Scientists announced yesterday that a chilly cloud of gas the width of a strand of hair created for a tenth of a second in a Colorado lab is a new type of matter - one that could lead to levitated trains, faster computers and cheaper electric bills.
The researchers say they produced the world's first fermionic condensate by chilling potassium atoms and applying a magnetic field, a process that forced the atoms to form pairs in the same way that electrons pair off when they produce superconductivity.
The work could help unlock the mystery of superconductivity, a phenomenon that physicists have studied for decades. Superconductors allow electricity to flow with no resistance.
"Ultimately, it could mean faster computers, smaller cell phones or the development of some technology we haven't even thought of," said James Gates, a physics professor at the University of Maryland, College Park.
The findings - the results of a race among six teams of physicists worldwide - were announced at a news conference yesterday by Deborah Jin, a researcher at the National Institute of Standards and Technology and a physics professor at the University of Colorado at Boulder.
The study was published yesterday in the online edition of Physical Review Letters.
Jin, who won a $500,000 MacArthur "genius" grant last year, said she chilled 500,000 potassium atoms to temperatures near absolute zero (minus 459 degrees Fahrenheit). That slowed the atoms down and prompted them to pair off and produce a gas cloud in ways that were never before observed.
She said the study yielded reliable results despite the gas cloud's small size and brief shelf life. The results were repeated in the lab hundreds of times, she said, and recorded on very precise lasers and other instruments.
Experts say the findings confirmed a decade-old theory that fermions - the basic building blocks of all matter - pair off before they form molecules.
"It's as if they get engaged before they get married," said Kurt Gibble, a physics professor at Penn State University who reviewed the paper. "It's goofy."
Another NIST researcher, Eric A. Cornell, shared the Nobel prize for physics in 2001 for discovering the Bose-Einstein condensate. That is a phenomenon where bosons - another type of particle - are chilled to a point at which they act as if they were a single element.
Cornell's work proved 80-year-old theories about how quantum particles would react when chilled to such low temperatures that atoms almost cease to move.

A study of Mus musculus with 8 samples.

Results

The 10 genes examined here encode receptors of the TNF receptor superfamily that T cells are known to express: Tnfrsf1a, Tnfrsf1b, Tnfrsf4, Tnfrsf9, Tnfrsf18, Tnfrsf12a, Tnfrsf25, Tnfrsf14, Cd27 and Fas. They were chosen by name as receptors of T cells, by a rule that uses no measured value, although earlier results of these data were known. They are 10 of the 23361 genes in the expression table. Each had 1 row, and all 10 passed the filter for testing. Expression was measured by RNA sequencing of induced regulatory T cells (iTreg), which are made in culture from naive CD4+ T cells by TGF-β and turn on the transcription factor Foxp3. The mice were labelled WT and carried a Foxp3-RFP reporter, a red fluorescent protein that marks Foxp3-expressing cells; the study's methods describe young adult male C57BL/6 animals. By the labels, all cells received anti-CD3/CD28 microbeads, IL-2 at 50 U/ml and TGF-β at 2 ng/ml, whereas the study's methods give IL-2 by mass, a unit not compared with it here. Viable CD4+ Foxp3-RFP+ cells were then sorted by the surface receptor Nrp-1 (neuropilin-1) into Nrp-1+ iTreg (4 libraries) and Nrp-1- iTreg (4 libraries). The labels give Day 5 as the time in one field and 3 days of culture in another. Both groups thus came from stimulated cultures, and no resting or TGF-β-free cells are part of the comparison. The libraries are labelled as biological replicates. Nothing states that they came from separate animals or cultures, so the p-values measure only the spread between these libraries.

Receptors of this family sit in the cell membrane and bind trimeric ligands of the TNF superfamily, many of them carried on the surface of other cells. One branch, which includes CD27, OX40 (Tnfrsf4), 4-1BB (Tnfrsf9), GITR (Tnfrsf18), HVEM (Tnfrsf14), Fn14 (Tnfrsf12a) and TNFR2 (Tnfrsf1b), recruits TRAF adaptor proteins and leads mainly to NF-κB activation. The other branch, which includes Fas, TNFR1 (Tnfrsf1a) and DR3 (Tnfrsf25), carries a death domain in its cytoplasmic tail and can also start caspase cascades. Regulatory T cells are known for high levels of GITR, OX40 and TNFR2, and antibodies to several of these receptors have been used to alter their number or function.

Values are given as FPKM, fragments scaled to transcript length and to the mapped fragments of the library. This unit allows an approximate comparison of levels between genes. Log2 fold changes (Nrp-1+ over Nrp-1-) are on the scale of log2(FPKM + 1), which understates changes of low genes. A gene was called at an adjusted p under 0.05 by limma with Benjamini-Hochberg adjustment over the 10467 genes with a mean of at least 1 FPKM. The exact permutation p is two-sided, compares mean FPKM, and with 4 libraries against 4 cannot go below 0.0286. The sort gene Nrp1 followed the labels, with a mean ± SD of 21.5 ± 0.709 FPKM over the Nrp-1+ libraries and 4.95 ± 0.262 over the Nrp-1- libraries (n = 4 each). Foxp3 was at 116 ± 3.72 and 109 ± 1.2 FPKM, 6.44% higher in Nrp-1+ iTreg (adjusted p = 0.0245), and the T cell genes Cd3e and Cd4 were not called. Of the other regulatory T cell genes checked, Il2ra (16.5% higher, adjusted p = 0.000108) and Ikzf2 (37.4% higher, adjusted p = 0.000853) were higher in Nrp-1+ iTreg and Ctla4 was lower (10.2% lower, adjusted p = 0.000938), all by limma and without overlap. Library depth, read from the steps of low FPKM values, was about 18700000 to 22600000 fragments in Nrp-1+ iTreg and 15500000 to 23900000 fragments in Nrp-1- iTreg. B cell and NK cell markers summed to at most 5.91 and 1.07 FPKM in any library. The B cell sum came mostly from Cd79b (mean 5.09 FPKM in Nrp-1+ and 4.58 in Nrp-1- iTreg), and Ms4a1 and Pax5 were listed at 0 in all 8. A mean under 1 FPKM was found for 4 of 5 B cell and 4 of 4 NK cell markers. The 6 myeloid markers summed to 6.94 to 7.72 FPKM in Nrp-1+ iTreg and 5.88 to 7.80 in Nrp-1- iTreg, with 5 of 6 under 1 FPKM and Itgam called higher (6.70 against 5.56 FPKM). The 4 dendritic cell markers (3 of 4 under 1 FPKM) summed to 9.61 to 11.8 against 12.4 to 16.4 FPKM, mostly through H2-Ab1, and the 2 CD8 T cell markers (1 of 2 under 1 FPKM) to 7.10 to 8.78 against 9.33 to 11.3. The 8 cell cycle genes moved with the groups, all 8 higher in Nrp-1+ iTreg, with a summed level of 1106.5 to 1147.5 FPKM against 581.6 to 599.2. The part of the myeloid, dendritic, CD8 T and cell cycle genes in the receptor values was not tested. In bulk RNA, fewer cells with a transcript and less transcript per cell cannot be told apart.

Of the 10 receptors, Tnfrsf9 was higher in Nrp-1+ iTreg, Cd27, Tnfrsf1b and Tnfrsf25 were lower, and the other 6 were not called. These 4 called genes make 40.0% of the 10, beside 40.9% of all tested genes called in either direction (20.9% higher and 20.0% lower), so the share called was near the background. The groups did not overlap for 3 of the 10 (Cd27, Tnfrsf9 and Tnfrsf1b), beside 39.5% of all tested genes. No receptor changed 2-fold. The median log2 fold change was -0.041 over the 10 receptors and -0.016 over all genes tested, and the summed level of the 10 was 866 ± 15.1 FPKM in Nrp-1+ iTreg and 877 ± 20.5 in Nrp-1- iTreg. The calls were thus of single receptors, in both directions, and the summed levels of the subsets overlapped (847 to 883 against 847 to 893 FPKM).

Cornell credited Jin yesterday with accomplishing a difficult task. "I doubt very much I could have made this experiment work," Cornell told reporters.
Researchers since the mid-1990s have created a number of Bose-Einstein condensates. But the Colorado team was the first to create and observe chilled fermions - which with bosons make up the particle family tree.
The findings are seen as a major breakthrough among physicists.
"It's a beautiful experiment," said John Thomas, a Duke University physicist who led one of the research groups vying with Jin in the race to observe the condensate.
Thomas said yesterday that he is not disappointed that Jin's team made the discovery first. There are a number of discoveries still out there, he said.
"The hope is by playing with the theories, you can apply the theories to what you learn about condensed matter systems and come up with practical applications," he said.
Thomas and Jin said there is no way of knowing what technologies might result from the work, or when they might be developed.
"We've opened the door. We don't know where it's going to lead or how long it's going to take to get there," Jin said. "If you had a superconductor you could transmit electricity with no losses. Right now something like 10 percent of all electricity we produce in the United States is lost. It heats up wires."
Ceramic superconductors, which conduct electricity with zero resistance, were discovered in 1987. But because of the costs and complicated technology, they are limited in use to magnetic resonance imaging technology, supercolliders built by scientific labs and a small number of other devices.
Superconductors in use require cooling the nitrogen or helium to temperatures of at least minus 100 degrees Fahrenheit as a part of the superconductivity process.